Fertilizer Industry Discusses Pathways to a Sustainable Future

IFA 2021, Toward a Sustainable Future confirmed the commitment of the fertilizer industry to finding solutions and creating value as it works to make the production and application of fertilizers more sustainable.

After an absence of more than a year and a half due to Covid-19 IFA held its annual conference in person in Lisbon where approximately 500 participants from some 200 companies and 50 countries reconnected from September 27-29.

A program of sustainability experts from the fertilizer industry, banking and agribusiness discussed what sustainability means for the plant nutrition sector and how to make progress.

Keynote speaker Miguel J. Martins, Sustainable Investments Partner at Grosvenor House of Investments and Seasoned Sustainability Coach at Systemic of Portugal, advocated a positive approach and immediate action to tackle climate change and inequality.

"When we are faced with problems we can’t solve, it’s very easy to go into denial and right now, we are already running out of time,” Martins said. “We need to be optimistic to find solutions."

During an opening fireside chat with IFA Director General Alzbeta Klein, Bas Rüter, Director of Sustainability at Rabobank, highlighted the effect investors can have on sustainability.

“Banks and institutional investors have an important responsibility in making the economy work,” Rüter said. “We have a large impact on solutions in food agriculture.”

The essential role sustainability should play for all businesses was also a major theme during the IFA-World Business Council for Sustainable Development Roundtable on Sustainability and Business Transformation.

"Social impact will be as important as other business aspects. We want to leave a planet behind where people can live and have prosperity,”

said Dr. Alexander Schmitt, Chief Marketing Officer at Anglo American, a mining company.

Featuring participants from a range of industries, the panel emphasized key shared success factors for implementing sustainability strategies.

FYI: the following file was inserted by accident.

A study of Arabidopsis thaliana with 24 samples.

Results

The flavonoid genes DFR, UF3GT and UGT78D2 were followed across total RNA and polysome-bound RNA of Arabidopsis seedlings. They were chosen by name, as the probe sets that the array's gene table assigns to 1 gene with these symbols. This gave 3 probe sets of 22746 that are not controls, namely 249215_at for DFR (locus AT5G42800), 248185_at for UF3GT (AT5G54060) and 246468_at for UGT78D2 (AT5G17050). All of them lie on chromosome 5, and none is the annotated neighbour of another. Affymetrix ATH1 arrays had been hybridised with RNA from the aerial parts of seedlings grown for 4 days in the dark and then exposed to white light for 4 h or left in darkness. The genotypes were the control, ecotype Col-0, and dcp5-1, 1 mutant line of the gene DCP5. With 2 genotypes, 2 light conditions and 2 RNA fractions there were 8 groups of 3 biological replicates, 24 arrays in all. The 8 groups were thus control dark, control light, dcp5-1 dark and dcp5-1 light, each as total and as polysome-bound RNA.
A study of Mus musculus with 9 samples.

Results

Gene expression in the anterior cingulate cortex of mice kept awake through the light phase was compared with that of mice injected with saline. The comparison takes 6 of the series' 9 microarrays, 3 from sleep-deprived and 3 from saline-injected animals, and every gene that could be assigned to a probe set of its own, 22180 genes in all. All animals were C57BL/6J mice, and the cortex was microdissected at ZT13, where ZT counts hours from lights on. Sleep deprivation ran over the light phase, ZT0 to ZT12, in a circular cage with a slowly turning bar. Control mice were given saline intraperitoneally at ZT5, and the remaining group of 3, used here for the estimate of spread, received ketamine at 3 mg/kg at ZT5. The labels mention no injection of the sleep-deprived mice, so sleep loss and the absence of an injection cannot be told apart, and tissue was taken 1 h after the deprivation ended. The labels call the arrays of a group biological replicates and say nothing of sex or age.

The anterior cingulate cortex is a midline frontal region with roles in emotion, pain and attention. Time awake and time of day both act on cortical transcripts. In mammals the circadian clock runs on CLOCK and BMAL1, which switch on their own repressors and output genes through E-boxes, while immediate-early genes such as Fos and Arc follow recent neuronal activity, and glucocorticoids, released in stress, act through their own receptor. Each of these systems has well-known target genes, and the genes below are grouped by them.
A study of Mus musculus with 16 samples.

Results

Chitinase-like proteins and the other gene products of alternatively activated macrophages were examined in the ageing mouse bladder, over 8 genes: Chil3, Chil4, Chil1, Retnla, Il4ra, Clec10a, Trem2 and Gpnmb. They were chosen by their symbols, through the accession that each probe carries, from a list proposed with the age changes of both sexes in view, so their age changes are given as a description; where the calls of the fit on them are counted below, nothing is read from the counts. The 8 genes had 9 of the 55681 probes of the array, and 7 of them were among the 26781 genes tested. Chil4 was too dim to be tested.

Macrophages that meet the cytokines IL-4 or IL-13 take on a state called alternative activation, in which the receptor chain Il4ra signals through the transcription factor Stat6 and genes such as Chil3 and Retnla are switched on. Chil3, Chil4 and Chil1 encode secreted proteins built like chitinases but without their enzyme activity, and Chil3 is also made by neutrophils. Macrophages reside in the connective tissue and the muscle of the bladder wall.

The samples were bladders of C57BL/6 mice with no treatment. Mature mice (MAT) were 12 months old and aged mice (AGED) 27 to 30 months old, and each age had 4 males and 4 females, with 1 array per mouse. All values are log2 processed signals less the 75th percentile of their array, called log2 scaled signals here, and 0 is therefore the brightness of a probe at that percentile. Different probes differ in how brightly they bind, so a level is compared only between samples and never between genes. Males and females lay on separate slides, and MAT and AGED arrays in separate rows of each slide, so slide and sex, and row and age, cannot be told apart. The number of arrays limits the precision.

"A sustainability strategy is a business strategy. You have to be comfortable working outside of your organization. To get scale and make a lasting impact you need to forge lasting partnerships," said Robert Coviello, Chief Sustainability Officer and Government Affairs at Bunge, which sources, processes and supplies oilseed and grain products and ingredients.

Candace Laing, VP of Sustainability and Stakeholder Relations at Nutrien, a fertilizer producer and retailer, meanwhile discussed the sustainability challenges facing agricultural value chain.

“We need to solve in a systems way to have both food security and climate security at the same time,” Laing said. “That is one of the big issue challenges of our time.”

A Gender Opportunity Session on day two highlighted the business and ethical case for diversity and inclusion.

"Clearly there is a very long way to go, and we need to get going on this,” said Svein Tore Holsether, IFA Chair and President & CEO of Yara International. “Gender equality would bring 12 trillion dollars of GDP growth.” It is also the decent thing to do, Holsether added.

Dr. Alexander Schmitt, Chief Marketing Officer at Anglo American, talked about success factors from the mining industry. "More diverse teams are more innovative, safer and more productive,” Schmitt said. “But more than that, diversity is an important part of the SDGs and sustainability.”

Adnan ALMahmood, General Manager Corporate Support at Gulf Petrochemical Industries Co. discussed his company's empowerment initiative framework that includes supporting women led research, providing educational support and appointing women in leadership posts.

Rejane Souza, VP Crop and Agronomy at Yara International gave an insight into the company's Women in Agronomy Program. "More than 45% of people see the fertilizer business behind agricultural peers in terms of gender diversity so we need to think about this," Souza said, highlighting the importance of improving the industry’s diversity reputation.

The need to nurture female talent was reiterated by Bahiya Hanoun, Head of Marketing and Development at the Africa Business School and Chargée de Mission, Office of the Chairman at OCP.

“At OCP we are convinced that the promotion of gender diversity within the Group starts with the preparation and development of our female talent pool," Hanoun said.

Meanwhile, Esin Mete, former CEO of TOROS TARIM and the first female Chair of IFA gave a heartfelt overview of the industry’s diversity journey. "Over the years I have noticed that I am no longer the only women at technical conferences. We are not there yet, but I see more women in production and site maintenance. We need to reach 50% women employees in the industry," Mete said.

The program also covered the big picture, regional and product themes from global markets over two days. Five Global Markets sessions provided a thorough overview of fertilizer markets, covering everything from the recent commodities rally, ESG pressures and fertilizer demand, to fertilizer product markets and emerging trends in special products and green ammonia.

The event highlighted the fertilizer industry’s growing focus on sustainability. As IFA Director General Alzbeta Klein observed: “Sustainability is the most important business opportunity that we have ahead of us and has the means to accelerate the transformation of our industry.”

Event sponsors:

Official partner: Turismo de Lisboa.